I decided to do a post on this one because I get asked about it a lot – what the heck is the difference between your resume, and what you write in your LinkedIN profile? LinkedIN is the cornerstone of your online personal brand presence, and in this digital day and age, every professional should have one. There’s little question there, because regardless of how active your industry is on LinkedIN, I’m hard-pressed to find anyone to whom really excellent personal branding would be a professional detriment. Common questions answered…
But really… what’s the difference?
Both are used for branding purposes. You have a little bit more flexibility with branding yourself via your LinkedIN profile because it’s not exactly the industry standard for making hiring decisions (yet), as the resume is, and traditionally always has been. This means you speak more casually in your summary about what you do, you can write with less detail in each job description, and you can integrate functional aspects like your blog, your recommended reading list, or your portfolio, to give some context to who you are. While it’s not your traditional social network of sorts, it is considered the social network for business. But do keep it business, and not entirely personal.
Does my LinkedIN profile have to match my resume word-for-word?
No. I have seen folks that do utilize the profile’s functionality to include most of the qualifying details and job descriptions that are on their resumes, and there’s nothing wrong with this. On the flip-side, I’ve also seen folks leave their LinkedIN profile strictly with job titles and company names, and nothing else. Personally, I prefer a little more meat on the bones, if you know what I mean…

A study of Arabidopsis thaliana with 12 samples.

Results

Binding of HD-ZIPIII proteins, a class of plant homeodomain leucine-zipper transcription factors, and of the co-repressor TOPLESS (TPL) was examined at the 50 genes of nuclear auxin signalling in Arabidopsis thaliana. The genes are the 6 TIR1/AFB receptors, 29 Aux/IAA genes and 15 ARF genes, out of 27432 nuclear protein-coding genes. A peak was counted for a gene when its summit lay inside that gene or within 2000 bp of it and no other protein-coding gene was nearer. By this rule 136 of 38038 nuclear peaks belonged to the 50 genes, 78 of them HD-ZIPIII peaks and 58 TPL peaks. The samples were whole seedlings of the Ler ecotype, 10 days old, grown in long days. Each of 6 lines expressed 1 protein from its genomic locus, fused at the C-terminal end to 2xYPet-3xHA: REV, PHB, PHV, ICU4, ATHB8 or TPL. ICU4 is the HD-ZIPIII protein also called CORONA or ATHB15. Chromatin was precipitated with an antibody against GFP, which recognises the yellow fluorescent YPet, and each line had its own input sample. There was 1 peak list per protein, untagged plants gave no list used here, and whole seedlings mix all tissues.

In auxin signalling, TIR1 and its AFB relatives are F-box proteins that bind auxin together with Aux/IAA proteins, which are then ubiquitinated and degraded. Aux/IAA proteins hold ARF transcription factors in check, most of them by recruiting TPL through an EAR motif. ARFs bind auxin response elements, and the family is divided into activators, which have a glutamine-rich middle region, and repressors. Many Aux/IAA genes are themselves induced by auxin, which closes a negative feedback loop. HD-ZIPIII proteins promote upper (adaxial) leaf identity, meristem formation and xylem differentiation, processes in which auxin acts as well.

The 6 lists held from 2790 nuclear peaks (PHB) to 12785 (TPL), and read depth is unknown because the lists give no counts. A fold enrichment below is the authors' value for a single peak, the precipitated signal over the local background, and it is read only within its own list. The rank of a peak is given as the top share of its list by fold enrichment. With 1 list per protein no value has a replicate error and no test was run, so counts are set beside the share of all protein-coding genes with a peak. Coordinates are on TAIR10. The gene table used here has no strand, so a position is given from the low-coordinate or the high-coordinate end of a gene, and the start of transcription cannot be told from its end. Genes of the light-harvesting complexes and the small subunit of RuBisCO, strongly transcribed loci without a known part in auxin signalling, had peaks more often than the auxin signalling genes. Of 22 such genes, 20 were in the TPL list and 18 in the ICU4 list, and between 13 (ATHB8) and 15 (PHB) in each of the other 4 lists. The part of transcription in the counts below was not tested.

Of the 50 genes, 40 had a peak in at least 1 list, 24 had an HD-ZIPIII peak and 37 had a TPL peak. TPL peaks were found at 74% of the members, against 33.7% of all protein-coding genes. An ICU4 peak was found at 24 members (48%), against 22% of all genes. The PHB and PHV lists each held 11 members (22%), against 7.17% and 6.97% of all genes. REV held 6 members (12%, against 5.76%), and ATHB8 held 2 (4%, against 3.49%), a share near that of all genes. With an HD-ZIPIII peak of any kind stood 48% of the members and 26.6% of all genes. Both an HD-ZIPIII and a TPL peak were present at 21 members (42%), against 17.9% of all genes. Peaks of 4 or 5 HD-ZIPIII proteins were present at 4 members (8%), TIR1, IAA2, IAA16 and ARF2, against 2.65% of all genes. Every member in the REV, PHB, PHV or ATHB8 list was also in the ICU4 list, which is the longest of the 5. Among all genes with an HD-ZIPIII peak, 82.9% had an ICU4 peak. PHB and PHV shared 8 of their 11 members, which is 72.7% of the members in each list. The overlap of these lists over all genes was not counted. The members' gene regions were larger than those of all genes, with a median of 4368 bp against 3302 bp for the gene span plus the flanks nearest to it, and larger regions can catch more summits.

Should I put my LinkedIN profile address on my resume?
Assuming you have a well-put together profile that brands you effectively for the type of roles you’re targeting in your search, then yes. It probably won’t tell them more than what’s already on your resume, but someone who has a clean, professionally-done up LinkedIN profile comes off as someone who cares about the effort they’re putting into their search, and understands the importance of personal branding online.
Can I send people to my LinkedIN profile instead of submitting my resume?
No. See question #1.
What if I’m applying to different types of jobs and have different formats of my resume tailored to each – won’t having a LinkedIN profile limit me?
If you are applying to different areas of specializations, or even different career fields, then this is once instance where it makes sense to have minimal information listed under each job description so that you don’t brand yourself ineffectively, by stressing your experience in one field when you’re applying to something else. Instead, make your profile more about your different skill sets and your summary, and about building quality connections by networking with others. Think of it as a more functional-format resume in this case.
At the end of the day, it all comes down to branding and messaging – what is your profile (and of course your resume) communicating about you as a candidate? What message is it sending about your skills, strengths, qualifications and expertise? The message should be clear, direct and not left up to interpretation. Do me and the rest of the HR world a favor… don’t make us guess what you’re good at. Fly that flag of earned confidence high, dammit, and tell the world what-the-H you’re here to do!